It goes without saying that you should never make a habit out of judging a book by it’s cover. After all, a person’s outlook is rarely a true reflection of their character, and casting aspersions based upon preconceived notions only seeks to further reinforce harmful stereotypes and cliches. Despite that being such a common axiom in general society, such incidents continue to persist, as this one post would go to show.
Former sales associate exposes tactics she was taught while working in luxury retail
Not too long ago during the earlier part of July, an anonymous Facebook user took to submitting a post to Taiwanese portal TEEPR 亮新聞, sharing her experiences from working in the luxury retail sector. Ostensibly working as a sales associate with a boutique, the anonymous user explains on Chinese social platform dCard how she was taught not to waste time on customers who checked on price tags as they were unlikely to be able to afford the goods in their stores.
“I’ve been working as a sales associate for seven to eight years, and I’ve worked for both luxury boutiques and luxury cosmetics booths.” she explains.
And in that time, she observes that many sales associates working for top tier luxury brands would often consider themselves to be part of the upper echelons of society given their close proximity to high-spending customers. This is in spite of the fact that they are merely working as retail associates, and are not in fact actually wealthy themselves.
Only 3 kinds of people visit luxury boutiques
Upon first starting in the industry, the user points out that her team leader had told her that only three kinds of people are likely to shop in luxury boutiques:
- People who can’t afford to buy anything, but would like to come in to take a look anyway.
- People who look like they can afford to buy something, but would wind up asking to pay for it in installments.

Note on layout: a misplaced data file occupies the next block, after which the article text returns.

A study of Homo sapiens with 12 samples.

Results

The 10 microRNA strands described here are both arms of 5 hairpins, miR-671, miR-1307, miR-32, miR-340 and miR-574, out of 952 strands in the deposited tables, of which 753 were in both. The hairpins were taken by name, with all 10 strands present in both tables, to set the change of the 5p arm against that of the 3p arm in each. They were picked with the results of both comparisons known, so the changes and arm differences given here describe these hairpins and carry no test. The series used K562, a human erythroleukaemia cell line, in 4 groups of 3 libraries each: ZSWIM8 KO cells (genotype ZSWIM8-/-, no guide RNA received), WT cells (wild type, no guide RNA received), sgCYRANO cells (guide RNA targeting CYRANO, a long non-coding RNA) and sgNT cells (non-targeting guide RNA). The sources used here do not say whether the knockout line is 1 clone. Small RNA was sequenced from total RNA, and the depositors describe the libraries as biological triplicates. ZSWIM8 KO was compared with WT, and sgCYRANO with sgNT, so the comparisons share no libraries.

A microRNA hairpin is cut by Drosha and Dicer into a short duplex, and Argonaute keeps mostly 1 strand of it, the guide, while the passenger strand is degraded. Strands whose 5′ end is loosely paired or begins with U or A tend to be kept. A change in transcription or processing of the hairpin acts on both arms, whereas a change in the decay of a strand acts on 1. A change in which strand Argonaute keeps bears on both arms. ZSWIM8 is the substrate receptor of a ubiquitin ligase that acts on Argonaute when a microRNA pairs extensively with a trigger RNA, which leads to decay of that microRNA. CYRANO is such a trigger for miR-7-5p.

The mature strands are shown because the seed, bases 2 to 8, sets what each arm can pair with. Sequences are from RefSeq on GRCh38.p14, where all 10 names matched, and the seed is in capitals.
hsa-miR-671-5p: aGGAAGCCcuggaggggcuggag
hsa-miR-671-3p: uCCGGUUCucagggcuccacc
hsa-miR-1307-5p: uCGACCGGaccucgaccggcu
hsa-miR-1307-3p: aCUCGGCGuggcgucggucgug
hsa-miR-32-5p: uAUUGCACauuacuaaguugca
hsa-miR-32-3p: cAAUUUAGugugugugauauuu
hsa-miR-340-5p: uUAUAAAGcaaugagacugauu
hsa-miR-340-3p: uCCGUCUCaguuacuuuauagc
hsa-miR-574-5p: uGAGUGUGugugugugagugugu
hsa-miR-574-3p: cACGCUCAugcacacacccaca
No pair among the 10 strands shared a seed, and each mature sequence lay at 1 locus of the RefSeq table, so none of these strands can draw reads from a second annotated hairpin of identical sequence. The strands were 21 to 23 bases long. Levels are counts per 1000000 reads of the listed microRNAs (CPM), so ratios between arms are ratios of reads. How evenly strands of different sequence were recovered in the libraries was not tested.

- People who can afford to buy whatever they want, but have absolutely no taste.
Upon learning this, the user said she was initially taken aback by the discriminatory tone that her team leader took with regards to customers.
“I used to think ‘As long as they are customers, there is always a chance that they would buy something’. Why was it necessary to be so discriminatory?”
Scolded once for wasting time on a customer with no potential
But over the course of her career, she said that this hierarchy of customers proved to be true to some extent. In fact, she claims that one time she was chided by her team manager for wasting time on a man who did not look like a potential customer.
“I was attending to a man who was drably dressed when I was suddenly told through my earpiece that I shouldn’t entertain customers who weren’t likely to spend any money at the boutique.
And it proved to be true, because he wound up wandering around the store, touched a few things, before leaving.”
Wealthy customers don’t even need to step into luxury boutiques
She adds that from her experience, those who are truly wealthy wouldn’t waste time shopping at department stores or boutiques. Instead, they would simply call up retail staff to place an order for the items they want, which will then be sent to their homes.
“As for the women who do shop in boutiques, they would usually point at one bag and say ‘I don’t want that one. But asides from that, pack up all the other bags’. In a single month, we would deal with anywhere between three to four of these customers.
Forget about checking price tags, they wouldn’t even ask to touch the bags before buying it.” she claims.
As such, she believes that it may be because of customers like these which have led many sales associates to adopt and reinforce such discriminatory behaviour.
“With that being said, I hope that this doesn’t tar all sales associates with the same brush, as there are some genuinely great ones out there!” she adds.
Netizens shocked by these tactics
Her tell-all has since attracted varied responses from netizens, many who were shocked to learn that such discriminatory behaviour was still present in the retail industry.
“I used to go to boutiques to check on the items in real life and try it on, but one time I was discriminated by a sales associate who looked down on me. Since then, I try not to visit boutiques in person.”
“I admit I’m poor. Don’t waste your time on me. I’m happy just shopping on my own!”
“Whoops, guess that’s it for me, I love checking prices. I guess I must be poor.”
“I would first check the feel of the product’s material, before checking its price to see if it’s worth the amount they’re asking for. If it is and I truly want it, then I’ll find a legal and reasonable way to afford it.”
But of course, it’s important to keep in mind that as all things on the Internet, this can only be taken with a grain of salt at best!